This Week in Europe: Next Enlargement, Bulgarian Presidency

, by Radu Dumitrescu

This Week in Europe: Next Enlargement, Bulgarian Presidency

Members of the TNF team recount big events from Europe from the past week, and point attention to news that may have passed notice. What did we miss? Comment on our Facebook page at !

Anti-Russian propaganda bill in Moldova

After pro-Russian Moldovan president Dodon refused to sign the bill regarding new media regulations into law two times, the country’s Constitutional Court ruled that either the speaker of the parliament, Andrian Candu, or PM Pavel Filip, both members of the pro-Western Democratic Party of Moldova (PDM), could do it instead. On Wednesday, Speaker Candu did exactly that, appointing seven new government ministers along with a law that bans the rebroadcasting in Moldova of Russian television programs on news, analysis, politics, and military issues.

EU prepares for next enlargement

In a strategy paper that is to be adopted next month, the European Commission advances 2025 as the deadline for the next wave of enlargement of the Union. The primary candidates are Serbia, Albania, Bosnia, Macedonia and Kosovo. The date contradicts Jean-Claude Juncker’s 2014 statement that there will be no EU enlargement in the near future. As for the would-be new EU members, Serbia and Montenegro are already in accession talks, while Macedonia and Albania aim to start the same talks in 2018.

9-year low of unemployment in EU

With an unemployment rate of 7.3% at the end of 2017, the EU countries are seeing the fewest people out of work since October 2008. Moreover, at 8.7%, the eurozone has reached the lowest unemployment rate since January 2009, continuing a strong downward trend.

Dark start for the Bulgarian EU presidency

On New Year’s Eve night, 6 people from Novi Iskar were shot while celebrating. On January 8th, a businessman connected to the ruling GERB party was assassinated. On the 18th of December, a high-ranking tax officer was shot. All 3 events happened in capital of Bulgaria, Sofia. As authorities shrug helpless, the high-profile killings loom large on the country’s presidency of the Council.

At the same time, protesters from Sofia and 15 other cities in Bulgaria demanded a stop to corruption, this time regarding a decision to permit a ski resort and commercial logging in Pirin National Park. The protests, supported by a group of environmental NGOs, call for the resignation of the minister of environment and water, Neno Dimov. As EU officials arrive in Sofia for Bulgaria’s Council presidency, the large crowds of protesters give no sign of letting up.

Denmark and Greenland clean up US military waste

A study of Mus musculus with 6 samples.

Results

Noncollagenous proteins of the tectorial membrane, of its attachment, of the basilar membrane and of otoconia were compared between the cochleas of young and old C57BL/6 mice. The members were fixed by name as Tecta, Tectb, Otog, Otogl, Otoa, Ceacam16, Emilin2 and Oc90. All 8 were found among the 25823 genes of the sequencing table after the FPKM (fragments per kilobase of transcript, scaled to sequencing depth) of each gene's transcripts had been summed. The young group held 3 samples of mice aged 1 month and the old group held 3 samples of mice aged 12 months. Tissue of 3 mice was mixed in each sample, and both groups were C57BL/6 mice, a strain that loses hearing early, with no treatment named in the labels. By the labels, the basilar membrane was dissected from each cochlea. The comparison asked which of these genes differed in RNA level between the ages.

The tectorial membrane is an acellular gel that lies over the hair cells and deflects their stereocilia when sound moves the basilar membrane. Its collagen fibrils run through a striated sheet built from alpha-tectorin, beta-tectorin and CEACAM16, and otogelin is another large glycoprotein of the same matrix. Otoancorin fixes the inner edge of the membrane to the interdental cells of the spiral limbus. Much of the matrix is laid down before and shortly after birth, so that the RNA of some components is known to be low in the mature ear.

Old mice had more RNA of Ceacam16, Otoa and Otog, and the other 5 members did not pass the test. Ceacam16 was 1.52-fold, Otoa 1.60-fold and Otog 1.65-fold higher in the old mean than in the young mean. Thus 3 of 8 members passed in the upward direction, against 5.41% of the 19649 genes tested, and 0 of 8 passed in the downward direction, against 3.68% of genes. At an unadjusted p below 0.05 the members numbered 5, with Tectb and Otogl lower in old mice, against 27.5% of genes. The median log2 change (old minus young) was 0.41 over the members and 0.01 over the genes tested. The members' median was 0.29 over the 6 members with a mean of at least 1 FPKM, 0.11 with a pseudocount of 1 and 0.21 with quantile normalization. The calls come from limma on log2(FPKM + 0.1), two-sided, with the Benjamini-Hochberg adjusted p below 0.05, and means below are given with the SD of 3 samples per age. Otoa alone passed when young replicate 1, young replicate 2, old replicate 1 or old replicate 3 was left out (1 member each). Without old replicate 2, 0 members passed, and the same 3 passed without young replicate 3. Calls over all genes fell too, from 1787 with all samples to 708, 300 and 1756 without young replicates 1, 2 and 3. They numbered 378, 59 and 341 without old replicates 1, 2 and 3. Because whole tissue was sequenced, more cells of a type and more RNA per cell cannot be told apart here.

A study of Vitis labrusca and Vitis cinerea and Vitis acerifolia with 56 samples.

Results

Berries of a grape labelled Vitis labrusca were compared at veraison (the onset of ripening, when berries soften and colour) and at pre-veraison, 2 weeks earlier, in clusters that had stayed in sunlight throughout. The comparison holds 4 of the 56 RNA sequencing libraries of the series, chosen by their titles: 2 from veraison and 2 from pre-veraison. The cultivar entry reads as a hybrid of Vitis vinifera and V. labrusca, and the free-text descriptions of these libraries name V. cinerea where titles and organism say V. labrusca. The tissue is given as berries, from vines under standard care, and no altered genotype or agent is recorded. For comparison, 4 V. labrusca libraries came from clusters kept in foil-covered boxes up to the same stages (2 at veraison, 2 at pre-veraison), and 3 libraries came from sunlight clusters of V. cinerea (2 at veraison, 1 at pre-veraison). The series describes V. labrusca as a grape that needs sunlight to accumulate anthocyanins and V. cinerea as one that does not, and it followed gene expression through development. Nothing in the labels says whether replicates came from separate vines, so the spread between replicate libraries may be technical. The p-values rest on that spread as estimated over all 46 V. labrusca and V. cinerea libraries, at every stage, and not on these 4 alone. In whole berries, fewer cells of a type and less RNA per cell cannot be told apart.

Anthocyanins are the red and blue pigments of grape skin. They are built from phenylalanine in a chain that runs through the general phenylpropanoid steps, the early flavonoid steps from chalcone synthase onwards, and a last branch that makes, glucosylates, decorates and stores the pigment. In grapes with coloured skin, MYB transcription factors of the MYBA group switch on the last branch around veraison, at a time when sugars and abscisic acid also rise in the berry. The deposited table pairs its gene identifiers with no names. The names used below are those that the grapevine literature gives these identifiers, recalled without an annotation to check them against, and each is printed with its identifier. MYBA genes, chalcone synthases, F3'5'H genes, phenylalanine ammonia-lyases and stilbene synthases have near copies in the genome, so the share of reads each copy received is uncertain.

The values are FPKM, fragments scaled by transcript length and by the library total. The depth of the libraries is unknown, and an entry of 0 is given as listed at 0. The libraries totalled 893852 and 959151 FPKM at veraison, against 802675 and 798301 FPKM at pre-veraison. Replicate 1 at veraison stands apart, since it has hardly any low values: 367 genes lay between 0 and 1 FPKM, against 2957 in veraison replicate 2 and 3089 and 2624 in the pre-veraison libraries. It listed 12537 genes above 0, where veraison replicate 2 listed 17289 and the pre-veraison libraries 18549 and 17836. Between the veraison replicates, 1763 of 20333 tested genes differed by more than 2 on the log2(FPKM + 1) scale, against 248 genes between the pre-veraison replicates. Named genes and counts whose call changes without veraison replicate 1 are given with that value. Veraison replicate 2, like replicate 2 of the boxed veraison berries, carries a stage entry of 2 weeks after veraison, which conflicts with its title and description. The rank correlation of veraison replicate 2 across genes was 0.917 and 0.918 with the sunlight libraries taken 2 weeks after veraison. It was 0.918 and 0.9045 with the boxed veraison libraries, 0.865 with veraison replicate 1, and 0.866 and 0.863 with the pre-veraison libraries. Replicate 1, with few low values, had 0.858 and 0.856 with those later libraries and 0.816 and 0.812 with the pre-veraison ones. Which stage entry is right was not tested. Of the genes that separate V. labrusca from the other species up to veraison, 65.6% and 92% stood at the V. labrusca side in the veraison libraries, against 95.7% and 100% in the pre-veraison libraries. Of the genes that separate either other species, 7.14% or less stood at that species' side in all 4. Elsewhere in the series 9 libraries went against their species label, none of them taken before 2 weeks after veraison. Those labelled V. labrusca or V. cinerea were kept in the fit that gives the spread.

On Thursday, Greenland premier Kim Kielsen and Danish environment minister Esben Lunde Larsen decided on a €29 million deal to clean up abandoned US military Cold War-era installations in 680 locations across Greenland.

Hungarian and Polish NGOs ask for EU aid

Affected by new legislation that targets civil society groups that receive outside funding, forcing them to label themselves as “supported from abroad”, Polish and Hungarian NGOs have asked the EU to set up a fund meant to support organizations that protect European values in its member-states. The Helsinki Committee, which focuses on protecting the rights of asylum seekers and refugees in Hungary, is one such group. Current EU-financed projects are short-termed, making the survival of these NGOs a year-by-year survival period. On Monday, Hungarian PM Viktor Orban stated that the refugees coming to Europe should be regarded as “Muslim invaders that..take advantage of economic opportunities.”

Poland and U.K. reshuffle governments

In the U.K., PM Theresa May conducted an overhaul of her cabinet in order to demonstrate her authority after a disastrous performance at the Conservative Party’s annual conference in October and the subsequent resignation of three cabinet ministers., The changes left all the top ministers in place, including the foreign secretary, Boris Johnson, and the chancellor of the Exchequer, Philip Hammond, Health Secretary Jeremy Hunt and Business Secretary Greg Clark. In December, Mrs. May’s de facto deputy, Damian Green stepped down after he was found to have misled the public about pornography found on his work computer.

In Poland, Polish PM Mateusz Morawiecki dismissed several cabinet-level ministers that were openly against the EU. Still popular among voters, the ruling Law and Justice party has come under fire lately from the EC and other EU countries for its move to control the judiciary. Last month, the EU initiated a process that could end with stripping Warsaw of its voting rights in the EU institutions. Among those dismissed were defence minister Antoni Macierewicz, a veteran radical right-wing nationalist, the environment minister and the foreign minister.

European elections set for 23-26 May 2019

On Thursday, the European Parliament’s conference of presidents produced an agreement on the date of the next European elections, namely 23-26 May 2019. The next elections have a heightened importance due to the departure of the United Kingdom. French president Emmanuel Macron and others in Brussels want the 73 British seats to be allocated to a pan-EU list of candidates.